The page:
During April–June 2005, an archaeological excavation was conducted in the southeastern area of Karm er-Ras (Permit No. A-4418; map ref. NIG 23165/73935; OIG 18165/23935), in the wake of private construction. The excavation, carried out on behalf of the Antiquities Authority and financed by the landowners A. and R. Abu Daud, was directed by Y. Alexandre, with the assistance of Y. Laban (administration), V. Essman and V. Pirsky (surveying), H. Smithline (photography), E. Belashov (drafting), H. Tahan (pottery drawing) and D. Syon (numismatics).
The excavation was first conducted as a trial excavation (50 sq m) and then expanded (90 sq m). The squares were located between the olive trees in the plot and topsoil (depth c. 0.4 m) was removed with a backhoe. The excavation reached bedrock at a depth of c. 1.8 m below the new ground level.
A sequence of four strata was uncovered in the excavation.
Strata VI, V, the Hellenistic period (third–second centuries BCE)
Stratum IV, the Early Roman period (first century BCE –first century CE)
Stratum III, the Middle Roman period (first–third centuries CE)
Stratum I, the Byzantine Period (fifth century CE)
Since pottery has not yet been processed, the information in this report is preliminary and may be subject to some revision in the final report.
Strata VI, V
The earliest architectural remains uncovered in the excavation were two parallel long stone walls, W548 and W539/W569, built directly on bedrock (Figs 1, 2). Wall 548 (length over 7 m), underlying a later wall (W525), stood up to three courses high. Wall 539 (length over 13 m) ran parallel to and at a distance of c. 2.5 m from W548. Wall 539 was built of large dressed stones and consisted of several segments, including a segment (W569), which was set back from the original line and seems to be a later addition. One segment of W539, built of massive blocks dressed with drafted margins (Fig. 3), was preserved 1.2 m high, yet other segments of W539 were badly damaged by later activities. An additional wall (W579) formed a corner with W539 and was also built of large stones. Between W539 and W548 was an accumulated fill that contained fragments of terracotta water pipes and significant quantities of Hellenistic potsherds. No floor was found, yet the top level of the Hellenistic debris was rather clear. It seems that W539 was the northern wall of a large building and W548, the southern wall of a different building; the strip between the two walls was a road or a path. The excavation to the south of W539 revealed no data on the presumed Hellenistic building and it seems that the evidence was entirely cleaned out by the later Roman occupation. The small strip to the north of W548 was not excavated down to the Hellenistic levels.
Strata IV, III
There is evidence for the reuse of the Hellenistic W539 in the building of this period and the segment W569, set back from W539, might have been built at this time. Several stone walls (W563, W565, W570, W576, W577, W578 and W590) were built to the south and against W539, creating a series of small rooms that were partly interconnected with doorways and thresholds (Fig. 4). The floors of these rooms were mainly of packed earth, directly overlying bedrock. Significant quantities of Early Roman pottery were found on these floors, including several complete vessels. Evidence for some burning indicated that this stratum (IV) may have terminated in a fire.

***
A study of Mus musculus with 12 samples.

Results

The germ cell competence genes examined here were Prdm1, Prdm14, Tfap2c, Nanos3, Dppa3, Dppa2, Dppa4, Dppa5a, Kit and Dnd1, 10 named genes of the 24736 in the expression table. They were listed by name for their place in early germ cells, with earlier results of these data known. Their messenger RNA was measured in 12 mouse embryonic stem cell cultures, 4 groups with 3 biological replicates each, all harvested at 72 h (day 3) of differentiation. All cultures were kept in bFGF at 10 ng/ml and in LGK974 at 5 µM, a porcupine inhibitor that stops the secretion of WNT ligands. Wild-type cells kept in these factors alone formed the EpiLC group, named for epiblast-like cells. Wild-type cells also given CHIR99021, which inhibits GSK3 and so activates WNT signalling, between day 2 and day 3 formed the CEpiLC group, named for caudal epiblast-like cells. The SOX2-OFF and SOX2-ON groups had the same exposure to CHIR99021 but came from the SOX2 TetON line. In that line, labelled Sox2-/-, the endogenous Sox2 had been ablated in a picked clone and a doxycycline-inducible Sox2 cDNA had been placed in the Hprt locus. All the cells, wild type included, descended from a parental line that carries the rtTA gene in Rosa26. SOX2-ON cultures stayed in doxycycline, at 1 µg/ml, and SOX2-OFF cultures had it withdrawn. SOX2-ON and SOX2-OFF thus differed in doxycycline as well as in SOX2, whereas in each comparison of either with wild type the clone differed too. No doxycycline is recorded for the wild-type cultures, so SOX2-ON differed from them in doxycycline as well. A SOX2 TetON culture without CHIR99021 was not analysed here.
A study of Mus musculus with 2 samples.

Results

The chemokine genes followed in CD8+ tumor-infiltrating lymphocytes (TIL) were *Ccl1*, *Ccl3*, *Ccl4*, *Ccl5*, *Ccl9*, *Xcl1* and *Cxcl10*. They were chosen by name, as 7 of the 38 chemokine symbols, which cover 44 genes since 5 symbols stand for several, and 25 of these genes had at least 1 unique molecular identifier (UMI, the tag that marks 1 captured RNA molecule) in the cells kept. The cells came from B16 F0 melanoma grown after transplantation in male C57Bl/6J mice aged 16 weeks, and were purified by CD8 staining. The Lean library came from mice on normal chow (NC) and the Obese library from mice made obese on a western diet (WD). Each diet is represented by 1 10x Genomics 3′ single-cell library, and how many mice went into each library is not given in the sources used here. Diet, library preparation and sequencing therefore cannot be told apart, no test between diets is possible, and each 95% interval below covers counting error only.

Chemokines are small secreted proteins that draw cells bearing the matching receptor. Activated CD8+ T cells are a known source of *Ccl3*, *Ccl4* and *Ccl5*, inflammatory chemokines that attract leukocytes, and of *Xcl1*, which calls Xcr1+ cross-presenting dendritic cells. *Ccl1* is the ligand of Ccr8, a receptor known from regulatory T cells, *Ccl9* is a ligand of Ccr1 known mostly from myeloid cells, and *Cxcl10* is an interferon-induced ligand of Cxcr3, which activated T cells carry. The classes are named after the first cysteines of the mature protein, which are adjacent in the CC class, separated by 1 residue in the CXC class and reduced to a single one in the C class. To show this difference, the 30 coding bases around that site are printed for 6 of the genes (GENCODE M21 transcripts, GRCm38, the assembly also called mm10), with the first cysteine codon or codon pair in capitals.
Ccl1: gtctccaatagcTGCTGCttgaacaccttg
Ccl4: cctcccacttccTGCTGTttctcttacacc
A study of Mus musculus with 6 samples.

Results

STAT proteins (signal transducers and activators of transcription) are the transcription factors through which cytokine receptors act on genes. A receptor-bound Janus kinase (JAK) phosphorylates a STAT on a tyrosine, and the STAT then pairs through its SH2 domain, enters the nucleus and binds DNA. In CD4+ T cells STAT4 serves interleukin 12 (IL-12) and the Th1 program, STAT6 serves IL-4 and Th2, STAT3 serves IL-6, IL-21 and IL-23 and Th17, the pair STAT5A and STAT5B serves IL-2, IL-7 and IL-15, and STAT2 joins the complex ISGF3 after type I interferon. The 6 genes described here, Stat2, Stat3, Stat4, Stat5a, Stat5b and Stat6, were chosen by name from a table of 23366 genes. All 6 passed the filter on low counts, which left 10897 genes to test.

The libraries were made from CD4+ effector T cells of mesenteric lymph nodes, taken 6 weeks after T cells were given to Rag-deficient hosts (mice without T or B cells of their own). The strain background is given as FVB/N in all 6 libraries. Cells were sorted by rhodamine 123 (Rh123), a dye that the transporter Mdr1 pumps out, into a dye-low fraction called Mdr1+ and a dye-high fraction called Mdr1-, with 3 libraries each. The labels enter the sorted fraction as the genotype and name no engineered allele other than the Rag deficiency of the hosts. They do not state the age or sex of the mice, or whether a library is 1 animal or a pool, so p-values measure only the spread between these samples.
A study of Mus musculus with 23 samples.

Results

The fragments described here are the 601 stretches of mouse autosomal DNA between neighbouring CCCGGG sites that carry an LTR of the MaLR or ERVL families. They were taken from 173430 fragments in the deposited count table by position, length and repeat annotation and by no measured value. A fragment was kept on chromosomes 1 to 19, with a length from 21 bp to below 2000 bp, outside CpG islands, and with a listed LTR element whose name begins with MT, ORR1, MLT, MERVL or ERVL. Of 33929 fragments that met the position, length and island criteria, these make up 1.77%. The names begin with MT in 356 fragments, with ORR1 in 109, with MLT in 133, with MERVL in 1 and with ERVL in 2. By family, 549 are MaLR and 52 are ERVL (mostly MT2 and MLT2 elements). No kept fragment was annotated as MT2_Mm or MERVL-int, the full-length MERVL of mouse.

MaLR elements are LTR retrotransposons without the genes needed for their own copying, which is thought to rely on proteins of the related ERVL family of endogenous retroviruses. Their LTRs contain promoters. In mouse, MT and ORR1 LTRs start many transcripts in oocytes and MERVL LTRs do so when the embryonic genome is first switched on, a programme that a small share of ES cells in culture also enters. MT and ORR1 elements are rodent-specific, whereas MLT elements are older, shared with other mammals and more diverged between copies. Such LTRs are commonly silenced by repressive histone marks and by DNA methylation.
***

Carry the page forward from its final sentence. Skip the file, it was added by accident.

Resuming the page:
Signs of changes, as well as additional floors overlying the earlier ones, were noted in several of these rooms. The potsherds found on the later floors dated to the Middle Roman period (Stratum III).
The Hellenistic path or road on the northern side of W539 seems to have continued to serve the same function. The parallel Hellenistic W548 seems also to have continued in use. A paved stone layer (L551; Stratum IV), covered over with several layers of plaster (L543, L531; Stratum III), overlaid the Hellenistic accumulated fill between the two walls. It seems that this was a road or path that ran to the north of the Roman building.
Several stone-wall stubs were found above the debris of Stratum III, including segments of a new long wall (W525) that was built at a higher level, but followed a similar line to the old W548. A layer of hard plaster (L520 and reused L531) covered much of the old path/road area to the south of W548. A long robber’s trench adjacent to the old W539 was cut though this plaster layer, allowing access to the large stones of W539; it is probable that the stones of this wall were robbed sometime in this period. Some areas of stone paving (L521) were found adjacent to W525 and W526, overlying Plaster Layer L531; remains of a circular installation that cut into and destroyed the earlier W539, were noted. Potsherds and glass fragments dated Stratum I to the Byzantine period.
The excavations in Area U exposed significant architectural strata from the Hellenistic, Roman and Byzantine periods. Of particular interest are the building remains from the Early Hellenistic period (Strata IV, III), which seem to have been part of a large and probably a public building, whose nature remains enigmatic. The road and the terracotta water pipes reflected a degree of town planning. Unfortunately, the small scale of the excavation did not allow further investigation of the building. The Roman period witnessed reuse of the Hellenistic walls for domestic occupation. There may well have been a destruction level in the Early Roman period and it seems that a gap in occupation may have existed between the Roman and Byzantine periods.